Louis McLane to MVB, 25 April 1833

Louis M[c]Lane to MVB, 25 April 1833


My dear Sir,

Knowing the interest you take for Nelson and his real friendship for you I owe it to him to send the enclosed. I have written to him that there is not, in my opinion, any chance of old A's resigning immediately. I should not be surprised, however, if he were forced to do so before the autumn. In that case surely there is no man more fit in all points than Nelson to fill the place. His success at Naples, his <politics>, his talents & legal capacity his youth & vigour and the fidelity of his character & friendships all give him claims of the first order: and I <would> you to co operate with me in conferring the office upon him. Now, that Trist is provided for I presume the P. would not feel much difficulty but for the purpose by T. in behalf of his relation Heath, of Baltimore. God knows there family concerns have been carried <forward> and will be more apparent <before> in the final composition of the legation at Paris. Independently of this, however, I whose <illegible> ^sins^ of federalism are those of honestly adhering to the convictions <illegible> & not of elevating federal men, may say that the federal portion of the Jackson party in Md. has been already amply provided for, & to pass by Nelson in the face of the <villian> & result of his mission and his uniform republican purity & that of his <fathers> family, in favor of another of the old school with not a tithe of his merit & capacity would be an outrage. T. from some cause is hostile to Nelson, & never will forgive or forget their old party divisions. This same Mr. L. is a man of strange propensities of which the most extraordinary is not his hostility to Nelson & the old party of Saml SMith as his recent affection for Webster, and exertions to disseminate his <speeches> beyond the mountains. I pray you, however, to take care of Nelson in this instance, because it is right in itself.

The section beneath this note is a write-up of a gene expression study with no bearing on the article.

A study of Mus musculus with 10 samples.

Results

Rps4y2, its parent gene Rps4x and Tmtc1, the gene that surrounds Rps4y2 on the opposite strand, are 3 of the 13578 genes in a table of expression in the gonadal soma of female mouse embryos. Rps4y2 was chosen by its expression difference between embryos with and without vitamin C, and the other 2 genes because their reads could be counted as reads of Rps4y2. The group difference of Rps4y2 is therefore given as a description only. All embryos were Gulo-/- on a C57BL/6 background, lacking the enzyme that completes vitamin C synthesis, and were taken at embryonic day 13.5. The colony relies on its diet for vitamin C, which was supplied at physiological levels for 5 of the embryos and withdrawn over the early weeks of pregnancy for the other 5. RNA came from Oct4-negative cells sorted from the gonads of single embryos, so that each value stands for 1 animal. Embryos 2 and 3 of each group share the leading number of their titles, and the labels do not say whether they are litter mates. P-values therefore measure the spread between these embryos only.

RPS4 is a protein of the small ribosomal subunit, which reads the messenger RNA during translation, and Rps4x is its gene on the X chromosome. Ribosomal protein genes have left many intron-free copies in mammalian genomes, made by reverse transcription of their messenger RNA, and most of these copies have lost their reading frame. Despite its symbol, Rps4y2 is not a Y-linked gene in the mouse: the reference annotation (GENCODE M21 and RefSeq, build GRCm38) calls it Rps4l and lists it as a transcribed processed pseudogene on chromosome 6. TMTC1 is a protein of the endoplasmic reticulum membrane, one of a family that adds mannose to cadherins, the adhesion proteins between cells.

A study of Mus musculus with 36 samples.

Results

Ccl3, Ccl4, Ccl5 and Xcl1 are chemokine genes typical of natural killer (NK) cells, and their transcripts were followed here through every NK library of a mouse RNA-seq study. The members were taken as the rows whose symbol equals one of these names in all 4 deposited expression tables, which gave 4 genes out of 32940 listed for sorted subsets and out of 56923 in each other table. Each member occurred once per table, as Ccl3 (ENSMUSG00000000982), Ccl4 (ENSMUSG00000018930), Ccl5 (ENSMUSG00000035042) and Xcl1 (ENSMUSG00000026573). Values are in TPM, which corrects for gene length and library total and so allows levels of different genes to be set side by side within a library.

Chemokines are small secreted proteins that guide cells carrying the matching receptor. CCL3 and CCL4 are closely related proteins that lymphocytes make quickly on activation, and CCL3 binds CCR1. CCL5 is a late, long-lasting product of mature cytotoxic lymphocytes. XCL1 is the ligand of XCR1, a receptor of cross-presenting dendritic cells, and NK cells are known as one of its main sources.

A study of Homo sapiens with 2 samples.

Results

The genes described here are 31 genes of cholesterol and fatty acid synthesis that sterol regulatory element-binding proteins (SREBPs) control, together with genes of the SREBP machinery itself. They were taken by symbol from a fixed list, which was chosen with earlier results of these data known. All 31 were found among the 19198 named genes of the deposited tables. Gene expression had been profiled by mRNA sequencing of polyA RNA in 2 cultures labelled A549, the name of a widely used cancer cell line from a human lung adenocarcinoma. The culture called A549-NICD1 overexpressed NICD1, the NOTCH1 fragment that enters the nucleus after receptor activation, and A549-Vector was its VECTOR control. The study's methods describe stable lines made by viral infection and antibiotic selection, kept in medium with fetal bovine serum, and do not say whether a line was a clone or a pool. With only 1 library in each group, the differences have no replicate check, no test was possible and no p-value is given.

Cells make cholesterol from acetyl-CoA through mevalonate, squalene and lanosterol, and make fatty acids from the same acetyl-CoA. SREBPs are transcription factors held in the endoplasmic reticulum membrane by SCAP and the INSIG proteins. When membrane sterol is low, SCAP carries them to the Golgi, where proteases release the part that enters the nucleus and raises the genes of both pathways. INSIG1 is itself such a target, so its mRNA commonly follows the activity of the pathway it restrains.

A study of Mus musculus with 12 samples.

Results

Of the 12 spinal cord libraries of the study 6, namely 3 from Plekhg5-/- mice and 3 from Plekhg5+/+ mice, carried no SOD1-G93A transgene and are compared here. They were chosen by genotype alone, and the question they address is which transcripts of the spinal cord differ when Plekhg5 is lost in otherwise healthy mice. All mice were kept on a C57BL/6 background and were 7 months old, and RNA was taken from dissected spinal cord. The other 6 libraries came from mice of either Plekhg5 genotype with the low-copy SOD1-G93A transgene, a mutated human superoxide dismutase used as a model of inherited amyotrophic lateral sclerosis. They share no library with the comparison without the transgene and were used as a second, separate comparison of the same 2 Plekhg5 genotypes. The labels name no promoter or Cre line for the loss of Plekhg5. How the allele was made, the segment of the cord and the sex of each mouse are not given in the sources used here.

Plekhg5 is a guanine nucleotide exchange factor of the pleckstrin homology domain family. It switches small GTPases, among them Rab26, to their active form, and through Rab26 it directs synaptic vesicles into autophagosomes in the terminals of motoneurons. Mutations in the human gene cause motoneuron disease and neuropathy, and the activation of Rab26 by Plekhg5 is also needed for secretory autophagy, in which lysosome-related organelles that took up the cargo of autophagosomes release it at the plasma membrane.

The President has finally determined to send Mr. L. to Paris early in June. L. with some adroitness <used> your <illegible> to find some good cause, to urge a circuitous mission to Naples & Austria. The P., however, clearly saw that such a step would only make matters worse and a much better reason for immediate action really existed. We learn by our despatches received on the 22nd inst. and dated at Paris on the 15. March, that up to that day the Chambers had made no appropriation for our installment, and that serious difficulties existed with the ministerial party in executing the treaty! In fact the President of the Council stated that his hope of success would depend upon the votes of the opposition! This alone would require the immediate presence in Paris of a different agent than Mr. <Niles>. Besides this, "Clay's bill" which passed on the last night of the session reduces our duty on french wines and brandy &c &c 10 per ct. and takes it off altogether from french silks after the 31. December 1833. The chief point open in our relations with France is their high duty upon our tobacco, and any reduction of that would be a great matter for the south & West. The President thinks, & certainly with much reason, that if this overture in our legislation were promptly pressed upon the govt. of France, with an intimation that their refusal to meet it when communicated to congress might induce them to alter this part of the tariff, which forms no part of the compromise, our negotiation would probably succeed. At any rate it is a matter of sufficient magnitude to make the attempt, and which necessarily requires our minister to be there at Paris in August. Thus you see this matter has been safely disposed of, on the score of time.

That this letter may run no risk I enclose it to Mr. Duane by whom ^if you are yet in Utica^ it will be delivered to you, & sent after you if you should have left.

I beg my affectionate regards to the Major, & remain faithfully


L. M'Lane

P.S. The President's health is very infirm. He has been bled since you left, & I seriously fear he will not have strength to encounter the fatigue of his northern tour.